Geologists have discovered 10 new species of trilobite in a relatively unstudied area of Thailand. These extinct sea creatures were hidden for 490 million years and are helping scientists create a new map of the animal life during the late Cambrian period. They are described in a monograph that was published in October in the journal Papers in Palaeontology.
Trilobites were marine arthropods similar to today’s spiders and crustaceans and are known for a wide variety of body designs. A species called Walliserops may have jousted with ‘tridents’ on their heads to win mates and recent trilobite specimens have been found with full stomachs. More than 20,000 species lived in Earth’s seas before they went extinct about 250 million years ago.
The trilobite fossils described in the new paper were trapped between layers of petrified ash in sandstone and were the product of old volcanic eruptions. The sediment from the eruptions settled on the bottom of the sea and formed a green layer called a tuff. This important layer contains crystals of a critical mineral that formed during the eruption called zircon. Aside from being as tough as steel, zircon is chemically stable and heat and weather resistant. Zircon also persists while the minerals in other kinds of rocks erode over time. Individual atoms of uranium that transform into lead live inside these resilient zircon crystals and give paleontologists a benchmark for dating the fossils.
“We can use radio isotope techniques to date when the zircon formed and thus find the age of the eruption, as well as the fossil,” study co-author and University of California, Riverside geologist Nigel Hughes said in a statement.
Finding tuffs from the late Cambrian period (between 497 and 485 million years ago) is also rather rare. According to the team, it is one of the “worst dated” intervals of time in Earth’s history.
“The tuffs will allow us to not only determine the age of the fossils we found in Thailand, but to better understand parts of the world like China, Australia, and even North America where similar fossils have been found in rocks that cannot be dated,” study co-author and Texas State University geologist Shelly Wernette said in a statement. Wernette previously worked in the Hughes Lab.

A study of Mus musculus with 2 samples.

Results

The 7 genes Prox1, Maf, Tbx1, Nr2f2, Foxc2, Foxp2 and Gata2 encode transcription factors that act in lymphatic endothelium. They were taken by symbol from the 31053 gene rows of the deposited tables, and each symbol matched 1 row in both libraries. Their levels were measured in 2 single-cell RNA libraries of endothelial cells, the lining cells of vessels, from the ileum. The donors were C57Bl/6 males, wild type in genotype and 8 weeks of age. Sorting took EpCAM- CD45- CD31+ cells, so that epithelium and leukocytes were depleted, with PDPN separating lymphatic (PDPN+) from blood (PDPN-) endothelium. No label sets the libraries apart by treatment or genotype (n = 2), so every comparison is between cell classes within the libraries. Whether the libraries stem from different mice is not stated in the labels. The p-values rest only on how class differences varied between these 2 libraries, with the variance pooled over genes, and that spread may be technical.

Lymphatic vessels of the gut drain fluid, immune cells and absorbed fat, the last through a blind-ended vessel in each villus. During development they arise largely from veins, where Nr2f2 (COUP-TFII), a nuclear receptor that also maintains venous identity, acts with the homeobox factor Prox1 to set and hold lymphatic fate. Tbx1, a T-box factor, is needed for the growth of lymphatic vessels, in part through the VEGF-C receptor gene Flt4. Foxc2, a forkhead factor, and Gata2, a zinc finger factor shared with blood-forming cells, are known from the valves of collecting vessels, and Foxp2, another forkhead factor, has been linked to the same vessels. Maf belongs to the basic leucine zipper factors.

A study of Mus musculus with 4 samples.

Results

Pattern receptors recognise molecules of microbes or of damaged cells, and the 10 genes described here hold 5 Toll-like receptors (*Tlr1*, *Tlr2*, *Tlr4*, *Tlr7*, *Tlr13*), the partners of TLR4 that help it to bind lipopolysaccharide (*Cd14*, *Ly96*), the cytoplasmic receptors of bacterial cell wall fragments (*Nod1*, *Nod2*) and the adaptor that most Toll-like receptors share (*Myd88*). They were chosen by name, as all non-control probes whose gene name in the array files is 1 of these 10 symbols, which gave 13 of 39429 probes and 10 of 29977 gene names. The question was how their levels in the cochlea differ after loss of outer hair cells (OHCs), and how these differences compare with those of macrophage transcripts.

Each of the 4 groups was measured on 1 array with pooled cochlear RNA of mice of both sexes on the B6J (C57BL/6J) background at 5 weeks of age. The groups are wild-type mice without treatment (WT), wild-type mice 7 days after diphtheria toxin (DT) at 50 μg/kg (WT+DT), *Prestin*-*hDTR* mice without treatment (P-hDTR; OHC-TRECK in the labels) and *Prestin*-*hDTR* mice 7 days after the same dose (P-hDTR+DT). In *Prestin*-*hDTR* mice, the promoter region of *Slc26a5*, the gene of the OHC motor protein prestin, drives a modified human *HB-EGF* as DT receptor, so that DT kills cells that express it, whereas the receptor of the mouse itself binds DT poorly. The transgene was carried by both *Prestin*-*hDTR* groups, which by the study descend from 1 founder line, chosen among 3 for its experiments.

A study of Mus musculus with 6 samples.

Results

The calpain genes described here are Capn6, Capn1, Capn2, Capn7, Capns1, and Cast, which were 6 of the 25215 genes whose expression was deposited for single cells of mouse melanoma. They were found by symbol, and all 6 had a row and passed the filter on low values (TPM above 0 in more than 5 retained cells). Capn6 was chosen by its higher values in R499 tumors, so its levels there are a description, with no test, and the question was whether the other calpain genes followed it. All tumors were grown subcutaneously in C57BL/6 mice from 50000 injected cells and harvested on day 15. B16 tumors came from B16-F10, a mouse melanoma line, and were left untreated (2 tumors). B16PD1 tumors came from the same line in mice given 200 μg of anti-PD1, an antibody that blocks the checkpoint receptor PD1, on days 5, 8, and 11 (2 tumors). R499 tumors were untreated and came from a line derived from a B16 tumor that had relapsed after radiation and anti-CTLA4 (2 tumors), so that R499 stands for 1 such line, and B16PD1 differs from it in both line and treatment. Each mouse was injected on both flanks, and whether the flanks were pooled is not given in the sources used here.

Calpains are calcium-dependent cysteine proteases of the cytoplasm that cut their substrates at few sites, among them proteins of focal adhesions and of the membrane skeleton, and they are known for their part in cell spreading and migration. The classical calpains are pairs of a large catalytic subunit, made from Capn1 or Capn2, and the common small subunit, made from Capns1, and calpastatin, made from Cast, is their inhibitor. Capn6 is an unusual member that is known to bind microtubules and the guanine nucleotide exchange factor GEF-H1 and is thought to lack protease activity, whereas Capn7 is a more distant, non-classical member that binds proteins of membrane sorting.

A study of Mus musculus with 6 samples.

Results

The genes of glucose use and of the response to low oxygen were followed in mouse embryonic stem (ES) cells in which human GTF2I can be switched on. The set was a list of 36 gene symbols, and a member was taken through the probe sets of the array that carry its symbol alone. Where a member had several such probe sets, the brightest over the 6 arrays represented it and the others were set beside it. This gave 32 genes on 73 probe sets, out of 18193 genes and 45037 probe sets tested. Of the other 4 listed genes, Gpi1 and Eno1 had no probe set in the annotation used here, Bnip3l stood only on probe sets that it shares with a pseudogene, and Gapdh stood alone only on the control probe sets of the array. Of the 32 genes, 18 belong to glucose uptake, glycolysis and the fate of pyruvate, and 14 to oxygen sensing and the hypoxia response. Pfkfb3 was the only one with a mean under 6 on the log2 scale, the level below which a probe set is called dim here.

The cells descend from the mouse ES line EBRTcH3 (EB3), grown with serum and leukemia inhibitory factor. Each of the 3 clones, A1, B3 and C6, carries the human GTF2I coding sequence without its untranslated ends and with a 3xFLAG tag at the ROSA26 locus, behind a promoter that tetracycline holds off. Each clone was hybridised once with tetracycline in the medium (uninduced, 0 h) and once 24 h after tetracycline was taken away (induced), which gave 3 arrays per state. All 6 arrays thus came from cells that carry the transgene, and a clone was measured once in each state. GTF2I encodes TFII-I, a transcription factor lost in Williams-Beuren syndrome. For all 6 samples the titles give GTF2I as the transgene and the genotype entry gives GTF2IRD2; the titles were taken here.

The trilobite fossils were found on the coast of an island called Ko Tarutao. This island is part of a UNESCO geopark site that has encouraged international teams of scientists to work in this area.
One of the most interesting discoveries was 12 types of trilobites that scientists have seen in other parts of the world, but not in Thailand.
“We can now connect Thailand to parts of Australia, a really exciting discovery,” said Wernette.
During trilobites’ lifetime, this area was located on the margins of an ancient supercontinent called Gondwanaland. The giant land mass included present day India, Africa, South America, Australia, and Antarctica.
“Because continents shift over time, part of our job has been to work out where this region of Thailand was in relation to the rest of Gondwanaland,” Hughes said. “It’s a moving, shape shifting, 3D jigsaw puzzle we’re trying to put together. This discovery will help us do that.”
They named one of the newly discovered species Tsinania sirindhornae in honor of Thai Royal Princess Maha Chakri Sirindhorn, for her dedication to developing the sciences in Thailand.
“I also thought this species had a regal quality. It has a broad headdress and clean sweeping lines,” Wernette said.
If the team can get an accurate date from the tuffs that the remains of T. sirindhornae had been sitting in for millions of years, they could be able to determine if closely related species found in northern and southern China are roughly the same age.
The team believes that the portrait of the ancient world hidden in these trilobite fossils contain invaluable information about our planet’s history.
“What we have here is a chronicle of evolutionary change accompanied by extinctions. The Earth has written this record for us, and we’re fortunate to have it,” Hughes said. “The more we learn from it the better prepared we are for the challenges we’re engineering on the planet for ourselves today.”